In her argument on abortion, Judith Thomson discusses some major

points about abortion. She deals with extreme cases and those extreme

cases help us to realize a single perspective of abortion. For

example, she talks about the violinist attached to you. In that

example, you keep everything constant and focus on a single point,

violinist being dead if you unattached him. This way of thinking would

provide partial answers. That is, in real life moral issues are

combined of different extreme cases. This is where the flaw in her

argument is. Her argument misses out the fact that such extreme cases

do not occur alone. They occur in interconnection with other extreme

cases. To analyze the question of "Is abortion moral?" one must not

take different examples, but use a single example that includes most,

if not all of the cases. The only exception, for the reasons I will

state afterwards, is sexual harassment. This is the only extreme case

that occurs in real life.

To strengthen the argument I will try to look from a Kantian

perspective. . However, that does not imply that either Thomson or me

is correct. Abortion is a sensitive matter and is open to great

argumentation. I will use Kant just to make sure things that I say

make sense.

She is arguing that abortion is not impermissible, while pointing out

it is not always permissible. She came to this conclusion with the

different example which are taken alone. Each example represents a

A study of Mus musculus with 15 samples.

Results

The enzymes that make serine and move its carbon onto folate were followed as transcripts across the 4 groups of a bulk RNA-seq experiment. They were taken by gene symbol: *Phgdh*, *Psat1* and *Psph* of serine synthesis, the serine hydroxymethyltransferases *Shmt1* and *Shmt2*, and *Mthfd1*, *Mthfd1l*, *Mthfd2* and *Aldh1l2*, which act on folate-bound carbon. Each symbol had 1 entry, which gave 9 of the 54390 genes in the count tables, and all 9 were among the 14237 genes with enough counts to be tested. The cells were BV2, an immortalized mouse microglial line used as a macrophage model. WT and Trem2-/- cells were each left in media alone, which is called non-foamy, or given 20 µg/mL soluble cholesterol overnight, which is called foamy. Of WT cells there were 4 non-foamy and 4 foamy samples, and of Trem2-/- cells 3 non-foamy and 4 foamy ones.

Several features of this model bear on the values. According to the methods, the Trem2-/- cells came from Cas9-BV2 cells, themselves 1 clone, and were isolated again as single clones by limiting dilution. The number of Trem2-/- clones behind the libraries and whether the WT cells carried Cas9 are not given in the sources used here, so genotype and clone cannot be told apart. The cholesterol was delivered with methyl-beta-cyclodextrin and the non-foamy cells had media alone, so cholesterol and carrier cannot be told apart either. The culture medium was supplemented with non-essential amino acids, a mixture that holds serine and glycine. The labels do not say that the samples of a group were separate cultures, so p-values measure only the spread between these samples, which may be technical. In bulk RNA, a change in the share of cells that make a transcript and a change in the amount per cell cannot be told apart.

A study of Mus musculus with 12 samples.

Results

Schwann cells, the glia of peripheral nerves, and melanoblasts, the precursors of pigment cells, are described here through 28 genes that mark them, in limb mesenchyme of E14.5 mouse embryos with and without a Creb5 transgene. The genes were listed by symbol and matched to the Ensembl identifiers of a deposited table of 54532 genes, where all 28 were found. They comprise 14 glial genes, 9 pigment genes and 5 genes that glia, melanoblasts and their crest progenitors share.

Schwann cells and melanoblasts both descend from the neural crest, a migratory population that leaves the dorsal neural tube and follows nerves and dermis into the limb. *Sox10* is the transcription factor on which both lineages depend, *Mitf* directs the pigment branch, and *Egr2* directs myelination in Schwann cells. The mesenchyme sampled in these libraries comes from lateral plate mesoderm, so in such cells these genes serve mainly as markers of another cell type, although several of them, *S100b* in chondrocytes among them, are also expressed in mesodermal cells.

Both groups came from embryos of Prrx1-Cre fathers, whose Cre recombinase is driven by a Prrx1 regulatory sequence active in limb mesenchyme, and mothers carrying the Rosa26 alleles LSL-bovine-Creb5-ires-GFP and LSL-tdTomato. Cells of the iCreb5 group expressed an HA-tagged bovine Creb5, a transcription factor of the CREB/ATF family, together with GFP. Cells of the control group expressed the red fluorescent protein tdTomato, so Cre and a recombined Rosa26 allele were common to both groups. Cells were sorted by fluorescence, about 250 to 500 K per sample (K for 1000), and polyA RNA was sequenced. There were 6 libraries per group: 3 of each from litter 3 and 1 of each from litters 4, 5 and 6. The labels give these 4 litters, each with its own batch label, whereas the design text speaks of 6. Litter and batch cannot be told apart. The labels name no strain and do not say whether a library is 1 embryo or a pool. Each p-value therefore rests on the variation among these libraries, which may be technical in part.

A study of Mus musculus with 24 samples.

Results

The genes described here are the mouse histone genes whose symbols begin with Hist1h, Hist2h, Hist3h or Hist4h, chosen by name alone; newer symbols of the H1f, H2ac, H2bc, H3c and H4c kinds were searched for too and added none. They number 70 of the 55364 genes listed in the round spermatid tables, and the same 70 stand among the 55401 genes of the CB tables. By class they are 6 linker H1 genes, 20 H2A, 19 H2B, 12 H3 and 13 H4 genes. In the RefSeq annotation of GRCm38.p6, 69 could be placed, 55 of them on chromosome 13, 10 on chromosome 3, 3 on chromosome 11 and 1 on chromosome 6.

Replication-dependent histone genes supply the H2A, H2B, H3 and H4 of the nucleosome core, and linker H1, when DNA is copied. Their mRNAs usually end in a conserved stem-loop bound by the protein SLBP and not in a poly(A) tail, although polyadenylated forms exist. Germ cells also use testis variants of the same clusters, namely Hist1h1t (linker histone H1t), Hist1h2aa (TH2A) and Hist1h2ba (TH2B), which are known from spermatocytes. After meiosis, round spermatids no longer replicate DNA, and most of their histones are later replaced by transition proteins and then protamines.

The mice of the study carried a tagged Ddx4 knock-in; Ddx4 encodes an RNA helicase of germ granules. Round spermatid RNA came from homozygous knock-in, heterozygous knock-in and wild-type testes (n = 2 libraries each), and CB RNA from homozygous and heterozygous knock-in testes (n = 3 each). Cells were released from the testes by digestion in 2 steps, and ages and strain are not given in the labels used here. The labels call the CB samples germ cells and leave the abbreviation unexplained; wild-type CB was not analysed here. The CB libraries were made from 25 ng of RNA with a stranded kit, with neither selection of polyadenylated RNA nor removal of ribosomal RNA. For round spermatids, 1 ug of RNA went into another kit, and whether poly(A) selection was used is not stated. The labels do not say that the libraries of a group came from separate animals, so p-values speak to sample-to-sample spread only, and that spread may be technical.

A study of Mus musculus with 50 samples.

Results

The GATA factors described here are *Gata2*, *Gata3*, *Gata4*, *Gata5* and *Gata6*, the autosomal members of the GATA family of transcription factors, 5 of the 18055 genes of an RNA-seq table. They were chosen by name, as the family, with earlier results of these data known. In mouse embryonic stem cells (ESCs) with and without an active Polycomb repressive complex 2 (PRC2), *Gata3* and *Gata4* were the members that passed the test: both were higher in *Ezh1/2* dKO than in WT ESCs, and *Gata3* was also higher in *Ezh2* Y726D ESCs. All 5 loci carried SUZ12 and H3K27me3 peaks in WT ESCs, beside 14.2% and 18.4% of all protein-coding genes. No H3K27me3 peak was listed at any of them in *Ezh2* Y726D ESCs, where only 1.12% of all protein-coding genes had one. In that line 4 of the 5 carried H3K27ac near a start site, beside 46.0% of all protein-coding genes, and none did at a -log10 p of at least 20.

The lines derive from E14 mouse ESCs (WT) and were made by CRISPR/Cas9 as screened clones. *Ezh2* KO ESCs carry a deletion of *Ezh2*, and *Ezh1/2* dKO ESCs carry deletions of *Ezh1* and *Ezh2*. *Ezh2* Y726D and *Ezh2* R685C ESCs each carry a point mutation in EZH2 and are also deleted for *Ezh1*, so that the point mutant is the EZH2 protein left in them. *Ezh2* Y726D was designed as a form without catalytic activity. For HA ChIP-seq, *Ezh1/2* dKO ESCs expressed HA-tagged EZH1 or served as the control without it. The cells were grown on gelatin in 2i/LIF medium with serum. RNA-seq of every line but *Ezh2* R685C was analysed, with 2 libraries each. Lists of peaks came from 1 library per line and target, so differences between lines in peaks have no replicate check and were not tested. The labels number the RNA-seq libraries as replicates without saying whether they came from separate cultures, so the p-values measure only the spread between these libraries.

different case. The violinist example, for instance focuses on the

fact that his life depends on yours. It does not include or

misrepresent other factors such as the emotional ...


and not wanting the baby in the first place gives you the option of

abortion. Considering this as the single exception, all the cases that

Thomson provides including the chocolate and the violinist example are

irrelevant since they are using the wrong yardsticks for measurement

of morality.

All in all, Thomson's examples are too extreme and they cannot be

applied to real life. Her examples are different cases by themselves

and need to be applied together. When applied together, the result

would be convincing enough. The reason why I came to different

conclusions with Thomson is that I tried to break her examples and I

used Kantian philosophy to back up my arguments. However, that does

not mean that either of us are correct in any sense.